News National Dennis Atkins: The stakes couldn’t be higher in PM’s poker game with China

Dennis Atkins: The stakes couldn’t be higher in PM’s poker game with China

Penny Wong hopes Australia can meet the challenge for a new foreign policy ambition, based on consistency and discipline. Picture: TND

The list of areas of dispute, potentially harmful economic interactions and direct diplomatic and strategic tension is long and growing.

Prime Minister Scott Morrison has made contentious and confrontational announcements and commentary in respect of China every week since late June, from warnings of cyber attacks, a massive realignment of defence strategy clearly aimed at the Middle Kingdom and, just days ago, tough-talking pushback against new security laws in Hong Kong.

There’s every reason to call China out for a range of economic, strategic and societal hard-line activity, but the way Australia is standing up to its largest trading partner is without precedent.

It’s easy to see why Morrison is doing this – he understands China’s standing among those quiet Australians he wraps himself around is toxic.

Australians blame China for the coronavirus pandemic and see the country as a threat to our interests whether they’re strategic, economic or something as simple as using a digital device.

The short-term politics at play might work to Morrison’s benefit but whether megaphone diplomacy and envelope-pushing military posturing are in our long term interest is doubtful and possibly dangerous.

The Labor Opposition has been cautious but a long-form essay from the party’s foreign affairs spokeswoman, Penny Wong, issues a string of warnings of what is at stake in this diplomatic version of Texas Hold ‘Em.

Wong’s essay, The End of Orthodoxy, to be published on Monday in Australian Foreign Affairs, has a number of clear-eyed observations.

Four stand out as vital for the immediate and medium-term.

First, and most importantly, Australia should avoid getting caught in the slipstream of big power rivalry between China and the United States, with 30-year horizons and not three-year domestic political cycles.

Second, we should not just concentrate on the coronavirus and its economic fallout but also keep our eye on climate change, which Wong identifies as “the next pandemic”.

Third, we have to work twice as hard to promote and nurture multilateralism – “a multilateralism that works for the post-COVID era and for the global challenges that lie ahead”.

Finally, Wong rings a loud bell on the dangers facing our nearest Asian neighbour, Indonesia, which she says may be at risk of foundering.

Wong’s warning on Indonesia’s outlook highlights the failure of the Morrison Government to pay enough attention to our northern neighbour at a critical time.

Morrison had a bilateral phone hook up with Joko Widodo (following a visit by the Indonesian President just weeks before COVID-19 changed everything) but this was mainly focused on the new economic and trade deal which came into force last weekend.

Wong takes a much broader view, looking at the risk of financial contagion for Indonesia, which she says is “particularly acute” and for which the country is not prepared.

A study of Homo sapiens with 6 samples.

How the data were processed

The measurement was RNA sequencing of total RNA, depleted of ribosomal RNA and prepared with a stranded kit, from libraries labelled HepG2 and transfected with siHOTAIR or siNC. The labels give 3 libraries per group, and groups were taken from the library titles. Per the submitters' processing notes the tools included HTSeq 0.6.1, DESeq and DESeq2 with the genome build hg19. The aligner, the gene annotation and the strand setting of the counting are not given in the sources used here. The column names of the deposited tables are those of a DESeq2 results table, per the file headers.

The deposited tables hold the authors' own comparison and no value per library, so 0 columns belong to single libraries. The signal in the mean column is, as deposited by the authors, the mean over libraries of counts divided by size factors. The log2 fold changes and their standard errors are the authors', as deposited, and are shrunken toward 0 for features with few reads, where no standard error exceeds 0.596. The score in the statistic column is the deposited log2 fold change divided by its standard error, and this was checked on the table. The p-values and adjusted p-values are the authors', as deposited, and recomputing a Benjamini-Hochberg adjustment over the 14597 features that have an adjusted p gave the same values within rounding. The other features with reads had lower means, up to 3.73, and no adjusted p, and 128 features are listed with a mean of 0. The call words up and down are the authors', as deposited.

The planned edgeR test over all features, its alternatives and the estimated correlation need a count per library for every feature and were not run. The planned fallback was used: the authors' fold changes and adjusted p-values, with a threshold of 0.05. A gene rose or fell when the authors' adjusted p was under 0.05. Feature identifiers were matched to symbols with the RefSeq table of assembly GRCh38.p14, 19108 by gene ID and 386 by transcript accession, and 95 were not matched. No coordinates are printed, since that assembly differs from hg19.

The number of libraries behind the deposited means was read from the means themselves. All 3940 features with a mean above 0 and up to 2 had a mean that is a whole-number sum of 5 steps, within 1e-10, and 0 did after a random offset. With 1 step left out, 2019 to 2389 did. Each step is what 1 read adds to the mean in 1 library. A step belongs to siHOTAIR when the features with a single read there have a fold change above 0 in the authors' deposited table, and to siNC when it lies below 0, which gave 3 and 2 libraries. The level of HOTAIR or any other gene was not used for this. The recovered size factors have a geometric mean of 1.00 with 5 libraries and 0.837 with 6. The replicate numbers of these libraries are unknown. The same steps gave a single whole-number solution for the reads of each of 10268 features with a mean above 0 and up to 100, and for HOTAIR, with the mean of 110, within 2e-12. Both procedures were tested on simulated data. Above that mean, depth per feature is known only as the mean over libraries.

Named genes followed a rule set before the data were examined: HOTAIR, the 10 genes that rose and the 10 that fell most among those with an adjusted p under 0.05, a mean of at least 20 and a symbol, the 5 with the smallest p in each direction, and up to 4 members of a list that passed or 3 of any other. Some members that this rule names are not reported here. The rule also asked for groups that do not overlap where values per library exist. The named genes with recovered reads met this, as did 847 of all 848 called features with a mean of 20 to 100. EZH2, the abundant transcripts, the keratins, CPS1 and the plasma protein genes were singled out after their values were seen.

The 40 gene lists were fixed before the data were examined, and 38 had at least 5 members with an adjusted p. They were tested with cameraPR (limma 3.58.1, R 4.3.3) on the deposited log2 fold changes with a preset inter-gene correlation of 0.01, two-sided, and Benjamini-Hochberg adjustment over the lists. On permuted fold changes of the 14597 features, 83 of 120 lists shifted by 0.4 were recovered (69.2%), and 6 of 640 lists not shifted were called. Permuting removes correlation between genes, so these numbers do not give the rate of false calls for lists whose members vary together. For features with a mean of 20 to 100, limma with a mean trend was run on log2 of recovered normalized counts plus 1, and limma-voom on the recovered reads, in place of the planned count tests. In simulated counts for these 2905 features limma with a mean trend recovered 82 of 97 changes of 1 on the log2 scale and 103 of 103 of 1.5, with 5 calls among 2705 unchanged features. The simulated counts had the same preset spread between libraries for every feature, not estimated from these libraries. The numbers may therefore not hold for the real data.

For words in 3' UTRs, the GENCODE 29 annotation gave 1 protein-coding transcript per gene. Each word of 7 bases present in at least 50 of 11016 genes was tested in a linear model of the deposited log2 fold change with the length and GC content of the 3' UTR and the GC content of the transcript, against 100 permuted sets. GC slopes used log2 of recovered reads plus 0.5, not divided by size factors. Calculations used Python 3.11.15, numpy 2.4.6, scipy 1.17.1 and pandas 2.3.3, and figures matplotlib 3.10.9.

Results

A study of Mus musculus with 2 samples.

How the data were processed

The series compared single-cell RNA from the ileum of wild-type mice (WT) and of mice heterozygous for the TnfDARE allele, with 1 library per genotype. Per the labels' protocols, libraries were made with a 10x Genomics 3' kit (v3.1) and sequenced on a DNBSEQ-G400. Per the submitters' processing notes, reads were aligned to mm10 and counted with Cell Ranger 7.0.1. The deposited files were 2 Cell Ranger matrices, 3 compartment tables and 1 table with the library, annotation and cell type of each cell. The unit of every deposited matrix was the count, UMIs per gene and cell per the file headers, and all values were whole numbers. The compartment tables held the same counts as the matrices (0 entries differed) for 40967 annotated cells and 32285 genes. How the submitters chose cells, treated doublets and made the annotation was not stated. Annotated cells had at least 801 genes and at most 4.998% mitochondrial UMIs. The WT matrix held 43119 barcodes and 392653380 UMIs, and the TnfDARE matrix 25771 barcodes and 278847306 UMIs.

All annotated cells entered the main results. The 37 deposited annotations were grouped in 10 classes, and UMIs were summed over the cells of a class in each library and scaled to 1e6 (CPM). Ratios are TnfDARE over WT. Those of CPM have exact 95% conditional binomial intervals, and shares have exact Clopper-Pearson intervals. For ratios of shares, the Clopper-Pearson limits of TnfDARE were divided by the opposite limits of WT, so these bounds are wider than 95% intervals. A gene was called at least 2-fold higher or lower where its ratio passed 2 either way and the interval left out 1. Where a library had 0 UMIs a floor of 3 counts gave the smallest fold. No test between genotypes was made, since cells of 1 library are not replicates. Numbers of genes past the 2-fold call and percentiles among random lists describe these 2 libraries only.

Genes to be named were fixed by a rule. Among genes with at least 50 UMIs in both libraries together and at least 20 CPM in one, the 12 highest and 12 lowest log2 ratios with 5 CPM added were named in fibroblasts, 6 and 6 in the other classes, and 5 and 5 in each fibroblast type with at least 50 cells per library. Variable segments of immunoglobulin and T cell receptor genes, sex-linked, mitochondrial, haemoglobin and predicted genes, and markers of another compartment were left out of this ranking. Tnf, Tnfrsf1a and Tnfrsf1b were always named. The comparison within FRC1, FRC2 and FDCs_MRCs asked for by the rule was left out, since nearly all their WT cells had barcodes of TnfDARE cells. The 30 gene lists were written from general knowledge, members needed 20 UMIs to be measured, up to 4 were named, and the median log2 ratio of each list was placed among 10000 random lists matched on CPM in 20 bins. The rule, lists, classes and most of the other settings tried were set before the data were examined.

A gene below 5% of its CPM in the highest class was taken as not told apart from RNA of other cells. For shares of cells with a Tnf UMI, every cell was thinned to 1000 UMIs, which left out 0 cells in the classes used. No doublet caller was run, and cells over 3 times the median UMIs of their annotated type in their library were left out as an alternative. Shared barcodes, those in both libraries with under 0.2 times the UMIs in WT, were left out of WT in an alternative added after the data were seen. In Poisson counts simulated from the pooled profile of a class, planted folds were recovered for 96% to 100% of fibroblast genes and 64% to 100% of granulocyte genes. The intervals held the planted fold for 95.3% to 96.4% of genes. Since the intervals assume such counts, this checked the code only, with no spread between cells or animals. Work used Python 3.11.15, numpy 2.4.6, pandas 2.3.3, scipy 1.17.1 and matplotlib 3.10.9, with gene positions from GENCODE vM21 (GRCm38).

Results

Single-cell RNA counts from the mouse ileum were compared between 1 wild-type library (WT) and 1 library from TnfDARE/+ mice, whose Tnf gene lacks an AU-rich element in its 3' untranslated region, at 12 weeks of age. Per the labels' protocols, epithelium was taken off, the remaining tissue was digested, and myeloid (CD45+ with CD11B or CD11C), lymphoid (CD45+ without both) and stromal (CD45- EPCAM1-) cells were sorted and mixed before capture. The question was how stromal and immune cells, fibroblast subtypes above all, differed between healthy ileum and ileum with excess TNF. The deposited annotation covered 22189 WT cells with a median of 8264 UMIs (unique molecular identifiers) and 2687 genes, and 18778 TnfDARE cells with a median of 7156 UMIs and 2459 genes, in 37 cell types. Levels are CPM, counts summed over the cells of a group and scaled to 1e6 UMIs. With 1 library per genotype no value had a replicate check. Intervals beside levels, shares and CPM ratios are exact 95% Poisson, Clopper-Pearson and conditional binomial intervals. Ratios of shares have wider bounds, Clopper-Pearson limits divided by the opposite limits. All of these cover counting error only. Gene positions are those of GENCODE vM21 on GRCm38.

“Australia and the region cannot afford for Indonesia to founder, and we must stand ready to assist it,” she writes.

Noting “Australia’s stability and prosperity rely on a stable and prosperous South-East Asia”, Wong cautions that “few ASEAN member-states have the resources to deal comprehensively with the health and economic effects of the pandemic”.

The pandemic may lead to humanitarian, economic and internal security crises – with serious ramifications for the wider stability of the region.

On the related issues of the heightened tensions between China and the US and the weakening of multilateralism, Wong points to opportunities for Australia to take a regional and global lead in “working around the roadblocks of great power competition”.

She says none of the most pressing issues in this complex environment is simple but “all require a more active foreign policy and a deeper investment in our diplomacy – and the recognition that Australia needs to be more self-reliant in protecting and promoting our interests”.

Wong’s toughest language – still couched in the measured words of diplomacy – is a clear shot at the way Morrison has been playing politics with international relations, especially as they apply to China and the region.

“Public interventions and rhetorical grenades designed to gain attention or tactical advantage serve little purpose, and distract from the far more challenging task at hand,” writes Wong.

“Put simply, we don’t have time for ‘negative globalism’. We need to think about 30-year horizons, not three-year election cycles.

“The global disruption in recent years has already generated sharp domestic debate about foreign policy. It will be even more difficult to confront change of the magnitude we now face. It can generate resistance and denial.”

Wong concludes with a note of hope that Australia can meet the challenge for a new foreign policy ambition, based on consistency and discipline.

The question now for Wong and Labor is whether they are happy offering sober, nuanced commentary – as pointed as it is in this essay – or should they take the fight up to the Morrison Government.

Many in senior Labor ranks believe Morrison is winning the politics and what is needed is a loud effort to call out his naked opportunism.

Wong’s essay is but the first step on meeting this challenge.